A long voyage but the same weather for crew of Providence

Four-month-old Aubrey Conway greets her father, Third-class Electronic Technician (ET3) Jarred Conway, as Conway holds his baby daughter Tuesday for the first time. The crew of the Los Angeles-class, fast-attack submarine USS Providence (SSN 719) returned to the Naval Submarine Base in Groton Tuesday after a seven-month deployment.

Groton — The USS Providence returned home Tuesday after an unusually long deployment. Instead of the typical six months, the crew was gone for more than seven.

Cmdr. Michael Quan, the commanding officer of the Providence (SSN 719), said the operational commander at the U.S. Central Command needed the Providence to stay out longer, and "Providence met the call."

"There's a natural disappointment because you expect to be back on a certain date, but the crew understands this is our job. This is what we do," he said.

Navy leaders have said that submarines could occasionally be deployed longer because the fleet of attack submarines is shrinking as the aging Los Angeles-class boats retire. Providence's extended deployment was due to operational requirements which have occasionally occurred but are not the norm, according to the submarine force.

The Navy also told Congress that some attack submarine deployments could be canceled because of sequestration, the automatic budget cuts that took effect this month. As of Tuesday, no deployments had been canceled.

The Providence left the Naval Submarine Base Aug. 10 — a rainy, cold, miserable day. On Tuesday, Quan said it was just rainy and cold.

"It's not miserable out," he said, "because we're home now."

Quan said he couldn't have asked for a better group to deploy with and he thanked the families for their support.

Twenty-eight sailors earned their qualifications in submarine warfare, 26 sailors advanced in rank and 24 re-enlisted during the deployment. The submarine traveled more than 38,000 nautical miles and stopped in Israel, Bahrain, the United Arab Emirates and Spain. Providence Mayor Angel Taveras sent Quan a letter congratulating him and the crew on a successful deployment.

The weather did little to damper the spirits at the homecoming. As soon as the Los Angeles-class submarine approached the pier, the families rushed out from under a tent to get closer and cheer.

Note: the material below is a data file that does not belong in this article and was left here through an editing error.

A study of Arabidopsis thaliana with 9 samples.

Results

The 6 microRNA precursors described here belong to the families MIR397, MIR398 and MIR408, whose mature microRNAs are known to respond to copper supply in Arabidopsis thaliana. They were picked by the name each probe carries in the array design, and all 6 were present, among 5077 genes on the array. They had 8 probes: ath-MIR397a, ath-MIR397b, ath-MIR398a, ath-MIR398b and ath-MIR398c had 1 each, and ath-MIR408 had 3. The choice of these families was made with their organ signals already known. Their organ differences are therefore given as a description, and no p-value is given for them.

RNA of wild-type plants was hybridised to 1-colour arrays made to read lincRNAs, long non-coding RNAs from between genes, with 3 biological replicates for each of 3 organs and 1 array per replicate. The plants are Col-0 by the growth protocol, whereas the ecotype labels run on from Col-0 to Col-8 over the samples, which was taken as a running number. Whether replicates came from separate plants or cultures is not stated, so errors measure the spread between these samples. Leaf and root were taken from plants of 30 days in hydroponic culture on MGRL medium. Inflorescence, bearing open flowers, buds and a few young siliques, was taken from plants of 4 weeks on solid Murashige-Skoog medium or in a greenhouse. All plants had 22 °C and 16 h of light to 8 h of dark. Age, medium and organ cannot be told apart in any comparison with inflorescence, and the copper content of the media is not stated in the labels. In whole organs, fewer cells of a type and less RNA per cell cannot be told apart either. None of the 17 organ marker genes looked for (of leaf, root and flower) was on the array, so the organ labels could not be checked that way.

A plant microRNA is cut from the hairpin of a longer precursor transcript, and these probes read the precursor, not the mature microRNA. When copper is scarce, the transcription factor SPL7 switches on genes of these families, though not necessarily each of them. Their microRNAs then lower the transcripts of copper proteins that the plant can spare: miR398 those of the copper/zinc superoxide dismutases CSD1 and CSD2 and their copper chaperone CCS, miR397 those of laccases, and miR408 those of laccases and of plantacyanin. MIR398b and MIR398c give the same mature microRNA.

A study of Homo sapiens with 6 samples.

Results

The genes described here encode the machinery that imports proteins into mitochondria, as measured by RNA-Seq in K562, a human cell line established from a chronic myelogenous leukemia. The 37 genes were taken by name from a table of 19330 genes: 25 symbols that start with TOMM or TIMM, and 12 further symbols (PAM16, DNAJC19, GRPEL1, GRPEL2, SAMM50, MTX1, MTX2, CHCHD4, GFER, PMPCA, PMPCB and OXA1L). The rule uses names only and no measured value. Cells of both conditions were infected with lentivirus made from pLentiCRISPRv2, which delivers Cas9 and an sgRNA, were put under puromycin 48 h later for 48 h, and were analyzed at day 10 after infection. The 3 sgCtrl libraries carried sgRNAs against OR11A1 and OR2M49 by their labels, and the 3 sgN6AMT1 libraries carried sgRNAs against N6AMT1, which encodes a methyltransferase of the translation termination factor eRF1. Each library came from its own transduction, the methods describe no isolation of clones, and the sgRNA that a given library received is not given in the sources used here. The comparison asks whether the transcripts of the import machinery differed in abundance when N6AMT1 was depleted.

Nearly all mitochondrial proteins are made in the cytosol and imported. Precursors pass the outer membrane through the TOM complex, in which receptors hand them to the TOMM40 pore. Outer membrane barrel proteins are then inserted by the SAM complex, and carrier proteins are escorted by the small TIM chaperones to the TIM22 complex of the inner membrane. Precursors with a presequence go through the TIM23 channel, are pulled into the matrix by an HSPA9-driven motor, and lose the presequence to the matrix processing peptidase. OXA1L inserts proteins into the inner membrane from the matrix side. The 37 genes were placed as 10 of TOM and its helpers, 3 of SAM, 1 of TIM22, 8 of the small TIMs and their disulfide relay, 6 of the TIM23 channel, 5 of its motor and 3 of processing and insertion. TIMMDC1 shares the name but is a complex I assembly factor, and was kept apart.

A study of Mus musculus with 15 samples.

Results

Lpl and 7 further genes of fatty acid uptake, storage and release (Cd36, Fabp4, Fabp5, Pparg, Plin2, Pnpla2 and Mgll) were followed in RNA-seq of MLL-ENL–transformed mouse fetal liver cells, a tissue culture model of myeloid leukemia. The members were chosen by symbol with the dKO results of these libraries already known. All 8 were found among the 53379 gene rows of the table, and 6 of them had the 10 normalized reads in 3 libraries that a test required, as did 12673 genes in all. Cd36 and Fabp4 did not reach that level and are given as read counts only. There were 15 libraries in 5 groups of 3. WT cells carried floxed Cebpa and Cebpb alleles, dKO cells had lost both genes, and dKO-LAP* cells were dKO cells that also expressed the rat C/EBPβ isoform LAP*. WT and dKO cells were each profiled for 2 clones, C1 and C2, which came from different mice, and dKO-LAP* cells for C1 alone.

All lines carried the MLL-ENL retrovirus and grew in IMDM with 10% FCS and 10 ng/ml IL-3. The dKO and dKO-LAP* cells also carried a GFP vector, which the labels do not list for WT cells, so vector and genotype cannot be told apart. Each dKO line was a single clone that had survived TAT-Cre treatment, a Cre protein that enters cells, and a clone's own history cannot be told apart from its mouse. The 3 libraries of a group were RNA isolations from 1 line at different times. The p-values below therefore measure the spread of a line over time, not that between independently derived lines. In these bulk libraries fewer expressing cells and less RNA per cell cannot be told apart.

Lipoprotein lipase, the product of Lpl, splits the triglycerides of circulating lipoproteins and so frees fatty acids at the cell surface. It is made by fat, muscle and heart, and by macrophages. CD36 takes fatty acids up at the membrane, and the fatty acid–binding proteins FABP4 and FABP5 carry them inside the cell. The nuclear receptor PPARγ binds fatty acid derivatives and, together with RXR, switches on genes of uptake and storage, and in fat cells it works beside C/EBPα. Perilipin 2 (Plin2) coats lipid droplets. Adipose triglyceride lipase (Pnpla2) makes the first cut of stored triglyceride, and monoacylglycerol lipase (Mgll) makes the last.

"Rain, snow, sleet, I would be happy no matter what," Leighanne Ludington said.

Ludington and her husband, Alexander, have only spent 20 days together since their June wedding. The Providence went out to sea this summer for training, then deployed after just over a week in port. Alexander Ludington, a lieutenant on board, returned home the day before his 28th birthday.

Five babies were born during the deployment. Three of the fathers, Michael Phillips, Jarred Conway and Shawn McBlain, met their daughters for the first time Tuesday.

It was also the first time Conway, an electronics technician, deployed on a submarine and qualified in submarine warfare. After so many firsts, Conway said it was "amazing" and "exhilarating" to be home with his wife, Stephanie, and first-born child, Aubrey.

After Phillips, the hospital corpsman, or doc, on board, was reunited with his wife, Lisa, and met his 3½-month-old daughter, Lacey Marie, he said, "Coming home to this, seeing them on the pier, is truly amazing."

"This has been a long time coming," added Lisa Phillips. "There have been four different homecoming dates. It has been surreal up until this moment."

The deployment, Michael Phillips said, seemed never-ending at times.

"But I'll never forget it," he said, "because little Lacey is here, and she's happy to see her dad."


Second class Machinist Mate Alex Woodcock gets a warm greeting by his son Lukas, 4, as the Los Angeles class, fast-attack submarine U.S.S. Providence returns to U.S. Naval Submarine Base Tuesday.
Second class Machinist Mate Alex Woodcock gets a warm greeting by his son Lukas, 4, as the Los Angeles class, fast-attack submarine U.S.S. Providence returns to U.S. Naval Submarine Base Tuesday.